Sunday, June 27, 2010

52. A Spot of Bother by Mark Haddon

#52

Author: Mark Haddon
Copyright: 2006
Pages: 354
ISBN: 9780385520515
Publisher: Doubleday
Author Website: www.markhaddon.com
Format: Hardcover
Rating: 4.5/5 stars
Finished: 6-21-10
Challenge: 100 Books, 1010 Challenge (Fiction category), TIOLI (June - A book with a problem in the title)

From Amazon:
George Hall is an unobtrusive man. A little distant, perhaps, a little cautious, not at quite at ease with the emotional demands of fatherhood, or manly bonhomie. He does not understand the modern obsession with talking about everything. “The secret of contentment, George felt, lay in ignoring many things completely.” Some things in life, however, cannot be ignored.

At 61, George is settling down to a comfortable retirement, building a shed in his garden, reading historical novels and listening to a bit of light jazz. Then his tempestuous daughter, Katie, announces that she is getting re-married, to the deeply inappropriate Ray. Her family is not pleased – as her brother Jamie observes, Ray has “strangler’s hands.” Katie can’t decide if she loves Ray, or loves the wonderful way he has with her son Jacob, and her mother Jean is a bit put out by all the planning and arguing the wedding has occasioned, which get in the way of her quite fulfilling late-life affair with one of her husband’s ex-colleagues. And the tidy and pleasant life Jamie has created crumbles when he fails to invite his lover, Tony, to the dreaded nuptials.

Unnoticed in the uproar, George discovers a sinister lesion on his hip, and quietly begins to lose his mind.

The way these damaged people fall apart – and come together – as a family is the true subject of Haddon’s disturbing yet amusing portrait of a dignified man trying to go insane politely.

A Spot of Bother is Mark Haddon’s unforgettable follow-up to the internationally beloved bestseller The Curious Incident of the Dog in the Night-Time. Here the madness – literally – of family life proves rich comic fodder for Haddon’s crackling prose and bittersweet insights into misdirected love.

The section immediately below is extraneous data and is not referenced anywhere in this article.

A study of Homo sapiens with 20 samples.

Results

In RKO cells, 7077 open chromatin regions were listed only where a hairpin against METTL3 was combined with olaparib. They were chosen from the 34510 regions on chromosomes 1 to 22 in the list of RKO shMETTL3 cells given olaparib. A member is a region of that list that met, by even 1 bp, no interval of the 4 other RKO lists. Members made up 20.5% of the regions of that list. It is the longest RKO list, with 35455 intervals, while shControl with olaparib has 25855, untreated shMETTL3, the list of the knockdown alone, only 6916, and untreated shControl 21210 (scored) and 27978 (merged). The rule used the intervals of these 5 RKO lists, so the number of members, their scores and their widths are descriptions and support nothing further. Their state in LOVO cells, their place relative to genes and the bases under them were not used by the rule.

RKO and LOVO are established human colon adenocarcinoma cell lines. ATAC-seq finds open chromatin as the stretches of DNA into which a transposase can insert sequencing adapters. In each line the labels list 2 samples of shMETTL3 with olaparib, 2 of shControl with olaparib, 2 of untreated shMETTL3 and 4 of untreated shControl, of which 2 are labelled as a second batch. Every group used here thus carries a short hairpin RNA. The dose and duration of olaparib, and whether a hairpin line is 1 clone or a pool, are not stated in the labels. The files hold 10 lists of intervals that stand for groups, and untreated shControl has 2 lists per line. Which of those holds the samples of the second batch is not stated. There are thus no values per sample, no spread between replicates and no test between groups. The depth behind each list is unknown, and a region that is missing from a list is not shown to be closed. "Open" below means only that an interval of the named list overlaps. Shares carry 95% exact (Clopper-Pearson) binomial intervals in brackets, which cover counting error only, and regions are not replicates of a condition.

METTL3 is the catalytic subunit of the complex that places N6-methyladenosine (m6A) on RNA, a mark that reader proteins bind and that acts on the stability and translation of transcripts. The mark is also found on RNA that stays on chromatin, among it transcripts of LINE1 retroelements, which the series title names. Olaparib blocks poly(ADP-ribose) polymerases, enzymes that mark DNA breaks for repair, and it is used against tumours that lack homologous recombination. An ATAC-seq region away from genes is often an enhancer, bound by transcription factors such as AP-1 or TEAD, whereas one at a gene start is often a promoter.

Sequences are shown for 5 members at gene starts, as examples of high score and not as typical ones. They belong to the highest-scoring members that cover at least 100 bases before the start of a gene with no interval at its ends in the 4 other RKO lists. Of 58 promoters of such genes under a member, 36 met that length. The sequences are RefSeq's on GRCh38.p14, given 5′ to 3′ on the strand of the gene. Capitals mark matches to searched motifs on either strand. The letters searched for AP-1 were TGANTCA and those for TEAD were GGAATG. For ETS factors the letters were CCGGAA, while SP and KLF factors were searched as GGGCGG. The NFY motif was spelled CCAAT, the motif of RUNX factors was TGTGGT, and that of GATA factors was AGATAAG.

I think Mark Haddon may be becoming one of my favorite authors. I read TCIOTDITNT a couple of years ago and just loved it. Shortly thereafter, I found a copy of A Spot of Bother at a library sale and picked it up, and regret to say that it has taken it this long for me to take if off my bookshelf to read it, but that's to the TIOLI Challenge, I finally worked my way around to it. And loved it. And can't wait to read more Mark Haddon.

Haddon's way of taking something that would probably be either ignored or looked upon uneasily because it should be a subject best left alone is amazing (in TCIOTDITNT, it is Christopher and his Asperger syndrome, in ASOB, it's George and his insanity). What's more amazing to me is how he can create a story that is both unsettling-ly funny and deceptively touching out of something that by all rights should be uncomfortable. To me, this speaks volumes about his ability as an author.

George's slow yet steady fall into madness is the base ingredient for the story, but it's the cast of characters and situations that surround George that really add the spice to the story. His wife, Jean, who is having an affair with his ex-coworker David. His daughter Katie, and her on-again-off-again fiancé Ray and her son from her first marriage, Jacob. His son Jaimie, and his boyfriend, Tony. All these characters come and go through the pages of George's story, all trying to deal with their own lives and issues while all are slowly piecing together the possibility that George may in fact be losing his mind.

It's a darkly comic story that I couldn't put down. Haddon seems to have a way with this stories like this, because the same thing happened with TCIOTDITNT; once I let the story pick me up, it wasn't going to let me go until I'd finished the book. Recommended, especially if you enjoyed TCIOTDITNT.